Siegfried Spiess, Günther Irmscher, or Wilhelm “Willi” Bergmeister – fans of the traditional brand NSU will be familiar with these names. In the 1960s and 1970s, the Neckarsulm-based NSU Motorenwerke AG, or NSU offered small but powerful cars for everyday use as well as for sports. First came the NSU Prinz 1000, followed by the NSU TT and the NSU TTS.
At the 1963 IAA, NSU unveiled several new models. In addition to the stylish NSU/Wankel Spider, the NSU Prinz 1000 also made its debut. The small and lively car was well received by both the media and the public, as it offered unprecedented handling in its class due to its exceptional power-to-weight ratio. The new series, with its modern four-cylinder engines, marked NSU’s entry into the mid-size segment. Demand for NSU cars, especially for the new car affectionately called the “Tausender” (German: thousand) by fans, grew – as did the Neckarsulm plant: NSU built a new factory on an area of 10,000 square meters with space for six assembly lines. The first Prinz models rolled off the line in early April 1964, and by the end of the month, NSU dealerships from all over Germany had ordered a total of 1,150 NSU Prinz 1000s from Neckarsulm. From 1964 to 1972, the Neckarsulm-based company made a total of around 195,000 Prinz 1000 L and S and NSU 1000 C units, as well as another 11,500 NSU Prinz 1000 TTs.
The sporty NSU Prinz 1000 ensures a winning streak for Siegfried Spiess
The NSU Prinz 1000 came as standard with a 40 or 43 PS engine, depending on the model version. Later modifications such as an optimized camshaft, Weber carburetors, racing exhaust, and lowered suspension gave the car, which weighed in at only 650 kg (1,400 lb), a top speed of 150 km/h (93 mph), making it competitive on the track and in hill-climbing, which was popular at the time. It was in a Prinz 1000 like this that Siegfried Spiess, who was then just beginning to make a name for himself as an engine specialist and tuner, became the 1965 German GT Bergmeister (German: “mountain champion”) in all classes. Out of eleven races, Spiess finished eight as winner and three as runner-up. Other victories that year included a class win in the Tour d’Europe and an overall win in the Corsica Rally, known as the Rally of 10,000 Curves. If his father had had his way, Spiess should have gone into business. But Spiess never began his apprenticeship as a businessman, instead donning overalls and helping out in the workshop of his parents’ NSU dealership in Stuttgart. Spiess’ winning streak is remarkable: After four championship titles in hill climbing, the engine technician took to the racetrack with an NSU TT he tuned himself. Spiess ended his career as a driver in 1971.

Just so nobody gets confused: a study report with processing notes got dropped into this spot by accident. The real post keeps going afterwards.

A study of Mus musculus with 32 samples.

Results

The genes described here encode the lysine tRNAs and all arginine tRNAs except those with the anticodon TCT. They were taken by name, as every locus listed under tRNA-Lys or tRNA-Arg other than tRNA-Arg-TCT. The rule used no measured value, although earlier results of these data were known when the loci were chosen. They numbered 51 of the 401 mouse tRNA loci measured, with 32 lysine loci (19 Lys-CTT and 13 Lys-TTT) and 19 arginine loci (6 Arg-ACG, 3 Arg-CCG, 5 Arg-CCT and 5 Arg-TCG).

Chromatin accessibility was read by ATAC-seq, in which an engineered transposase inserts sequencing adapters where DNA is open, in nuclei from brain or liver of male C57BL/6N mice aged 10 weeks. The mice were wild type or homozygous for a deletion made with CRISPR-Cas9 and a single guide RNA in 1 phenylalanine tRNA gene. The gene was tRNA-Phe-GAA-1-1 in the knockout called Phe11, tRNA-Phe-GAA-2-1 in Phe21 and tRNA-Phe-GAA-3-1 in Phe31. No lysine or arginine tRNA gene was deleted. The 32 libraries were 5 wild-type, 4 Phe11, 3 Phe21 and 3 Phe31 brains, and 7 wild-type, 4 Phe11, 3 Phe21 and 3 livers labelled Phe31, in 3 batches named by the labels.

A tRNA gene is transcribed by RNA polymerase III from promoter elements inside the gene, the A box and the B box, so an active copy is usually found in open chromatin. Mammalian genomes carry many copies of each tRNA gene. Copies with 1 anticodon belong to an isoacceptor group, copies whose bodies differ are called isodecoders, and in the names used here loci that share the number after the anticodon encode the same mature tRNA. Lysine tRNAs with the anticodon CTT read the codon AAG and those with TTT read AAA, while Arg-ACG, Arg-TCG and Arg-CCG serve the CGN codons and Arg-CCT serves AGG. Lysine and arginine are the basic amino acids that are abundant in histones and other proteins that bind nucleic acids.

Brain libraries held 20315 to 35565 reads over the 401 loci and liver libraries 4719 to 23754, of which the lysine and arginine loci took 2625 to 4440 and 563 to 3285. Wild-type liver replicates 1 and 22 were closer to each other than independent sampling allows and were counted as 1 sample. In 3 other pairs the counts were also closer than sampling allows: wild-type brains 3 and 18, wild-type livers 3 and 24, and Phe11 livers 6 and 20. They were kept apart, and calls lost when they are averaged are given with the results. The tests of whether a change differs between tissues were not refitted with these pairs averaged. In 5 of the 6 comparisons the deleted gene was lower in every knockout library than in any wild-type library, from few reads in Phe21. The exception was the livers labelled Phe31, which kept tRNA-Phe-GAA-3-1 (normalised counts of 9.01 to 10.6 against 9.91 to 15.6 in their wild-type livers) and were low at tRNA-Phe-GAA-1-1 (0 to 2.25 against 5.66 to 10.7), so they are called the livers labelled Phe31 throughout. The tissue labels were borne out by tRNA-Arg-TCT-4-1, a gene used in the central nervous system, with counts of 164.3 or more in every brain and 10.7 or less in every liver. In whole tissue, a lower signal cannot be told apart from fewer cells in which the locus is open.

However, he continued to contribute valuable knowledge he gained from racing to the series as well as to other NSU sporting victories.
The NSU TT: the most successful German car in German hill-climbing
In 1967, NSU added two sports versions to its portfolio – the NSU Prinz TT and the even more powerful NSU Prinz TTS. The NSU TT, with a standard output of 65 PS, was built between 1967 and 1972. Both NSU sports sedans, the TT and the TTS, featured the air-cooled four-cylinder engine in the rear. Both had an excellent power-to-weight ratio, making them guaranteed winners in motorsport: In the TT’s debut year in 1967, Günther Irmscher won the Tour d’Europe in an NSU TT, while Bill Allen was the American champion in the South Pacific the following year. For the TTS, NSU set the camber to between slightly negative and neutral and installed sports shock absorbers. Customers who wanted even more sportiness could order the so-called “Speed Set” – but cars equipped with it were only allowed to be used on the racetrack. The Neckarsulm-based company produced 2,400 units of the standard TTS with 1,000 cc displacement and 70 PS from 1967 to 1971. A total of about 50,000 NSU TTs rolled off the line. A particularly powerful representative is now part of AUDI AG’s historic vehicle collection, the NSU TT Jägermeister: With its enlarged displacement, 1,300 Weber carburetors with intake manifold, dual ignition, and enlarged intake and exhaust ports, the car was suitable for private motorsport. Features such as these gave this car a top speed of 190 km/h (118 mph) with an output of 130 PS at 7,800 rpm.
The Latin proverb “nomen est omen” (English: a name is a sign) was true of Wilhelm “Willi” Bergmeister. (In German, Bergmeister literally means “mountain champion”.) The Langenfeld-born owner of an NSU and later of an Audi dealership was active in motorsport from 1968 and was a fixture on the German racing scene from the 1970s. He made hill-climbing history in an NSU TT, winning the German Mountain Cup in 1974 in the “NSU TT Jägermeister.” Headlines ran: “Bergmeister becomes Bergmeister.” Later, he switched to circuit racing, concentrating from 1978 on the European Touring Car Championship, where he finished second in 1979 and won as the 1980 European champion in an Audi 80 GLE.
The NSU TT was the most successful German car in national hill-climbs until the mid-1970s. As a racecar, it won a total of 29 national championships in Europe and North America. These wins in motorsport made for good advertising: The NSU TT, for example, was advertised by Neckarsulm as a “thoroughbred sports car, inch for inch,” the NSU TTS was marketed as a “constant guest at rallies” and a “notorious class winner.”